The displays are just about paper thin, highly bendable and do not require backlighting. On the down side, they only work with static, black and white images, so they are really only good for reading text.
At present you can buy a reader using a 12 centimetre version of the folding screen technology, but the 3GSM conference win suggests mobile phone based applications aren’t too far away.
Another winner from the conference is the ShoZu multimedia delivery platform. Shozu’s mobile phone platform enables users to download and upload multimedia content such as pictures or video with a single click and makes messaging between phone and computer more straightforward.
Shozu hopes its product will be a hit in the 14 to 30 year-old age bracket, where it hopes people will use the technology to interact more easily with websites such as Myspace.
DVD sales up
Blockbuster movies like Harry Potter and cult TV series Little Britain — and the popularity of plasma TVs — fuelled a turnaround in DVD sales in 2006. Last year sales to retailers rose 14% to 65.2 million titles and revenue was up 15% to $1.02 billion compared to 2005, according to figures from the Australian Visual Software Distributors Association.
The rise in 2006 follows a 2% fall in sales in 2005. AVSDA says the fall was a one-off, and predicts sales to rise again in 2007.
New products for a new hotter world
Climate change could make it easier to sell ice to Eskimos, but innovators are also seeing other business opportunities in the sun’s haze.
The future’s looking very bright for two such entrepreneurs — RMIT university students, and brothers, Chris and Robert Ellis. They’ve developed and patented an affordable, recyclable and UV-certified product for anyone stranded without eye protection — disposable sunglasses.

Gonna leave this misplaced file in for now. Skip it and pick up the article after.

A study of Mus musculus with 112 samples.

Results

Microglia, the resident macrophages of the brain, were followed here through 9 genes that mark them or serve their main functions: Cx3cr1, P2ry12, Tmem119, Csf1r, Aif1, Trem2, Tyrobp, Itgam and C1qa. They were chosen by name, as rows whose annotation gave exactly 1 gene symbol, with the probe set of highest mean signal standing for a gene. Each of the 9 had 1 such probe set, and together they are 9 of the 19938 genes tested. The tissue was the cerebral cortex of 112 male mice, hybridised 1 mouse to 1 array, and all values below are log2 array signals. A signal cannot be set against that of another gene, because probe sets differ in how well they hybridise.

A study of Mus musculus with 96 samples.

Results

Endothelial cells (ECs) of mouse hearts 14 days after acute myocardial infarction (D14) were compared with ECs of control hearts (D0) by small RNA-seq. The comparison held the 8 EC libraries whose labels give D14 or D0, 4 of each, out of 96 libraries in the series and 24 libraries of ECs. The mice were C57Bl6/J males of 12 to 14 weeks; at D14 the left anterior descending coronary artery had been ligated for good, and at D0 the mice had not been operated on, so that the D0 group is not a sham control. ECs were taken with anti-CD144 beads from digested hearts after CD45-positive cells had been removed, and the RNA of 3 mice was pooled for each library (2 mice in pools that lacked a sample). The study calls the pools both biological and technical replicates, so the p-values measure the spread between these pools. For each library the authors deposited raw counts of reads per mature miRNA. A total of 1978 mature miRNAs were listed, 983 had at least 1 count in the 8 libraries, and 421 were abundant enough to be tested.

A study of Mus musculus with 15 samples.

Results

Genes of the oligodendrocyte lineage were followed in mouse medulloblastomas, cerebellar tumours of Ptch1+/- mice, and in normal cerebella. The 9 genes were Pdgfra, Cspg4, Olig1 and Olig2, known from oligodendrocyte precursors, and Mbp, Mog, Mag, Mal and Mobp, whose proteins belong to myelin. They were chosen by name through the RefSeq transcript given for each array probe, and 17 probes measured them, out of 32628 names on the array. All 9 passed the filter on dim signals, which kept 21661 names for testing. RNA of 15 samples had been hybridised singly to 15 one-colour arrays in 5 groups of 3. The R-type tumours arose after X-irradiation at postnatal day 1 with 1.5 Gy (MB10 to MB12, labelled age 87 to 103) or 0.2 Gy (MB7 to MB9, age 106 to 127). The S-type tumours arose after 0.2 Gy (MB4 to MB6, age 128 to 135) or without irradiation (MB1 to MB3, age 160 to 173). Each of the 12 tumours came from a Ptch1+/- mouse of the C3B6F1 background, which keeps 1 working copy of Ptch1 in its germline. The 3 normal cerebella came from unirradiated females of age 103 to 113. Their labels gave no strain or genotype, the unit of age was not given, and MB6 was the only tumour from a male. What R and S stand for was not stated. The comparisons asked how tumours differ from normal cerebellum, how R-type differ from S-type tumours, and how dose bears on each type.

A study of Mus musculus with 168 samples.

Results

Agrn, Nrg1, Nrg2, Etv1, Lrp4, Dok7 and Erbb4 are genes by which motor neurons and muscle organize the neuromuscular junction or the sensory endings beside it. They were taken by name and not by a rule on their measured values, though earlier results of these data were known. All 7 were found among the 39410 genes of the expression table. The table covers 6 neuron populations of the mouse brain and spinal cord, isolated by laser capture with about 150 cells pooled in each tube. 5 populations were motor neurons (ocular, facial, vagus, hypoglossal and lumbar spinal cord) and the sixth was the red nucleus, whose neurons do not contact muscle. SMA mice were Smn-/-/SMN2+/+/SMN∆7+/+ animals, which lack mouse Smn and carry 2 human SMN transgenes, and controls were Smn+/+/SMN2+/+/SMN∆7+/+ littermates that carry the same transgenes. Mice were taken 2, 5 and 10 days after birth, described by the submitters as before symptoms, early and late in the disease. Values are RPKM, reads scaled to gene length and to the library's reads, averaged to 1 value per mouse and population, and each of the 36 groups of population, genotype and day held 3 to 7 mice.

Developed as the winner of the 2005 Saxton Scholars design competition, an annual competition for students of graphic design and visual communications, the sunglasses will be targeted at the sporting event and music festival markets. Similar products exist for the extreme adventurer, but the Ellis brothers’ design combines fashion with survivalist protection. Their version is expected to be commercially available in the next six months.
How the Chinese have embraced the web
This year it is likely that the number of users in China will break 150 million. How the Chinese are using the net is important for companies wanting to communicate with consumers in the emerging market.
The Edelman public relations agency and the Chinese Internet Network Information Center have co-authored a study for Big Pharma about what internet users are saying about the topic of health. The report is intriguing, both for what it says about how corporations are viewing the internet as a marketing medium, and for how China’s enormous internet-enabled population is driving the formation of new models of cultural discourse, writes Salon.com.
Here’s an excerpt: “China’s millions of internet users are posting to bulletin boards in huge numbers, and one of their favourite topics of discussion is healthcare. Edelman and CIC crunched some ‘1,427,853 user-generated messages from 176,373 unique posters on 13 Chinese websites and 430 health-related BBS forums’ between July 1 and 30 September 2006 to figure out who and what exactly they were talking about.
“Why go to all this trouble? Edelman declares that the era in which industry could manage its branding and marketing messages solely by top-down ‘vertical’ communication through mainstream media are over. Today, it’s all about ‘horizontal’ communication between individuals via the internet. So if you want to get your message out, you have to identify who the key ‘e-fluencers’ are (a word that gets my vote for most ungainly coinage of the 21st century) and figure out how to become part of their conversation. In China, ‘Samar,’ the ‘Tumor Doctor’ and ‘Dao Ke Dao Feichang Dao’ are the new gatekeepers of cancer information.
“Edelman finishes with some do’s and don’ts for pharmaceutical companies looking to work this horizontal conversation to their advantage. Some are obvious — don’t spam, don’t offer money directly to e-fluencers, or you’ll get burned by the backlash. But my favourite piece of advice displays a deep understanding of how the information ecology of the web works: ‘Offer what e-fluencers desire most: unique information and recognition’.”